It took more than a hundred years of searching to find, but in 1988 archaeologists finally discovered a Roman amphitheatre buried beneath the Guildhall. What made this discovery more of a surprise was that it was found well within the old Roman City walls, whereas in other cities amphitheatres that had been discovered had all been found outside the walls of the city. Something was definitely different about this one. Upon investigation it was found that the structure had an incredible history, the origins of its construction were dated back to AD70, at which point the amphitheatre was just a basic wooden building, but as the decades and centuries passed the amphitheatre grew in size, until by the time the second century came around it could comfortably accommodate around six thousand people.
A Public Venue
This was very much a place where the local population gathered. Shows would be brutal and often consisted of horrific animal fights, gladiatorial battles and of course the ever popular public executions. When the Romans left Britain during the fourth century the amphitheatre was left empty, much of the structure was removed and used as building materials for other construction, leaving nothing but a ruin in its wake. And so it stayed for several centuries, abandoned, the city growing all around it and creeping closer and closer to its decaying structure.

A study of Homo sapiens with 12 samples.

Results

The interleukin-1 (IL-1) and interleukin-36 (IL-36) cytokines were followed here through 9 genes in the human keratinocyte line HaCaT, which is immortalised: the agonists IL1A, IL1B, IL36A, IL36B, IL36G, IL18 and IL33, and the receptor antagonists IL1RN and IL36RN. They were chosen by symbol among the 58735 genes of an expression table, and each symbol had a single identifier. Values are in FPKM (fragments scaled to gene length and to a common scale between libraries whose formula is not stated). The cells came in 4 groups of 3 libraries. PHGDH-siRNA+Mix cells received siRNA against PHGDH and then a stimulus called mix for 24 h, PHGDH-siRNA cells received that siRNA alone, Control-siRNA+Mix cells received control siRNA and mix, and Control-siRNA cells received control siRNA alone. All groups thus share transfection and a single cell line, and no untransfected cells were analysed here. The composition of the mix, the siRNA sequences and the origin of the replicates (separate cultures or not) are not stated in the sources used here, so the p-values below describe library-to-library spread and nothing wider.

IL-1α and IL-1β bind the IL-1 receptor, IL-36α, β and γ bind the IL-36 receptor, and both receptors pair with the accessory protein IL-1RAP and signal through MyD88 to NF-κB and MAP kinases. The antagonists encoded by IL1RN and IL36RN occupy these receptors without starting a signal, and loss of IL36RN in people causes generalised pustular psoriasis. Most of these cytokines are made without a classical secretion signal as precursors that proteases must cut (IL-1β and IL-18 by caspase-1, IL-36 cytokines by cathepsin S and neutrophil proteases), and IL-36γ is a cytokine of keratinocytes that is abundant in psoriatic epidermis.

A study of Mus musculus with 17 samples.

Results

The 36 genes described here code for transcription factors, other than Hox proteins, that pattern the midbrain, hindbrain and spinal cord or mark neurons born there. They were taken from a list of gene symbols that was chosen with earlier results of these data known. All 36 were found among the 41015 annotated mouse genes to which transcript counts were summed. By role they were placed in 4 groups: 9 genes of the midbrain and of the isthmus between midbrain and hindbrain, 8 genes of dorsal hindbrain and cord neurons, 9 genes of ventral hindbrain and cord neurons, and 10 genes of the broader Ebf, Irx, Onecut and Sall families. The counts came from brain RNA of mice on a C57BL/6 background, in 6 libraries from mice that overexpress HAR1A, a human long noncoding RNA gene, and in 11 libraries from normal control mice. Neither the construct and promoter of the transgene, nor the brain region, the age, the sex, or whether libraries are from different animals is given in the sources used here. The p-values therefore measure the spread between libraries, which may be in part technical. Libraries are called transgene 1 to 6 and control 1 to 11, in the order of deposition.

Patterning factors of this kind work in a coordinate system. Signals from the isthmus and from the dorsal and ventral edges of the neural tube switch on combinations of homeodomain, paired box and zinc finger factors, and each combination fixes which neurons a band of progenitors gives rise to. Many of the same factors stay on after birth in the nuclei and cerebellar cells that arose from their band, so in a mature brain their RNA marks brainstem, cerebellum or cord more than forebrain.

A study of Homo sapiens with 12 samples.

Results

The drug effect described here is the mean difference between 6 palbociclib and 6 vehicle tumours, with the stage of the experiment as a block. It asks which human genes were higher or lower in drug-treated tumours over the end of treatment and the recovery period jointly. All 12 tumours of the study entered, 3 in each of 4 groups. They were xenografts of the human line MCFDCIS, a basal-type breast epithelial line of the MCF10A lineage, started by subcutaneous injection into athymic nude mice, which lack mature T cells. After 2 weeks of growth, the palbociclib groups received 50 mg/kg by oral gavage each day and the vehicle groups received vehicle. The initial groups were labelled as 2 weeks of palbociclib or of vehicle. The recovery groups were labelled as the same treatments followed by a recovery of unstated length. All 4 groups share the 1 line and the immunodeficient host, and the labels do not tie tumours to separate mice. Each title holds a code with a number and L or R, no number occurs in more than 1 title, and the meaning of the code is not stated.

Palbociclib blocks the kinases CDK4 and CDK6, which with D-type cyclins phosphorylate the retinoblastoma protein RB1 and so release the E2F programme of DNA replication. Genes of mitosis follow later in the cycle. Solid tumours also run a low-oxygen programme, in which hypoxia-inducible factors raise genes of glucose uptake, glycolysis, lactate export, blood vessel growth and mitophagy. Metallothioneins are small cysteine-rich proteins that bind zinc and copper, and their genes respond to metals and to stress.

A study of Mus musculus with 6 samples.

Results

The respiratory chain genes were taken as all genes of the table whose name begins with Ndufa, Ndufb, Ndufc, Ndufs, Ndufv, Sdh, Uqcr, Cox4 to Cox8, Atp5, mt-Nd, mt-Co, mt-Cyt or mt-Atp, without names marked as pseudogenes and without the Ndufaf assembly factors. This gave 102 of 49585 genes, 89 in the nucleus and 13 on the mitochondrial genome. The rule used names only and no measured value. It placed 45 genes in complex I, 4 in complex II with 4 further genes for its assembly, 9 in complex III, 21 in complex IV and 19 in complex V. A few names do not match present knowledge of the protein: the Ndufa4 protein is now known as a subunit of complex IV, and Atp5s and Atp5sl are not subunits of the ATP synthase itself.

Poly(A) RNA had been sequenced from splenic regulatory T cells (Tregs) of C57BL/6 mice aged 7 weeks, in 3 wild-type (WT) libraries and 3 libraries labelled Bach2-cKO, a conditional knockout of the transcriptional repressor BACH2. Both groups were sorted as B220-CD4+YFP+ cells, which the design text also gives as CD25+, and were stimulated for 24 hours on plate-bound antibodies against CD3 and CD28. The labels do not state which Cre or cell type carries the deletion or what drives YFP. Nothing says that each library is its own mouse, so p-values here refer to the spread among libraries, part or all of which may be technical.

By the eleventh century the amphitheatre was at the heart of a Viking settlement, small wooden dwellings which were eventually replaced with the very first incarnation of the Guildhall, something which today’s Londoners are particularly familiar with. Just as it did at the peak of its time as the Roman Amphitheatre the new Guildhall once again became the centre of public attention in the city.
Take a look at the ground as you enter the Guildhall Yard, and you will notice a thick line of dark coloured stone which curves around the yard. This line of stone follows the original outline of the old Roman Amphitheatre, which should give you some idea of just how large the original structure was. But to see what remains of the old amphitheatre you will have to venture underground, as the remains are located around eight metres below the current ground level. Here is where they are buried, once covered over by centuries of ancient debris and rubbish.
To enter the ruins or remains of the building you need to purchase a ticket which will grant you access to the Guildhall Art Gallery from where you can enter the ruins – both access to the ruins and the gallery are included in the ticket price. Once you get down to the original floor level you will be able to see what remains of the original amphitheatre walls, the original Roman drainage system and what remains of the sand that was used to absorb the blood on the arena floor. If you are having trouble picturing the amphitheatre in action there is a digital projection to give your imagination a boost.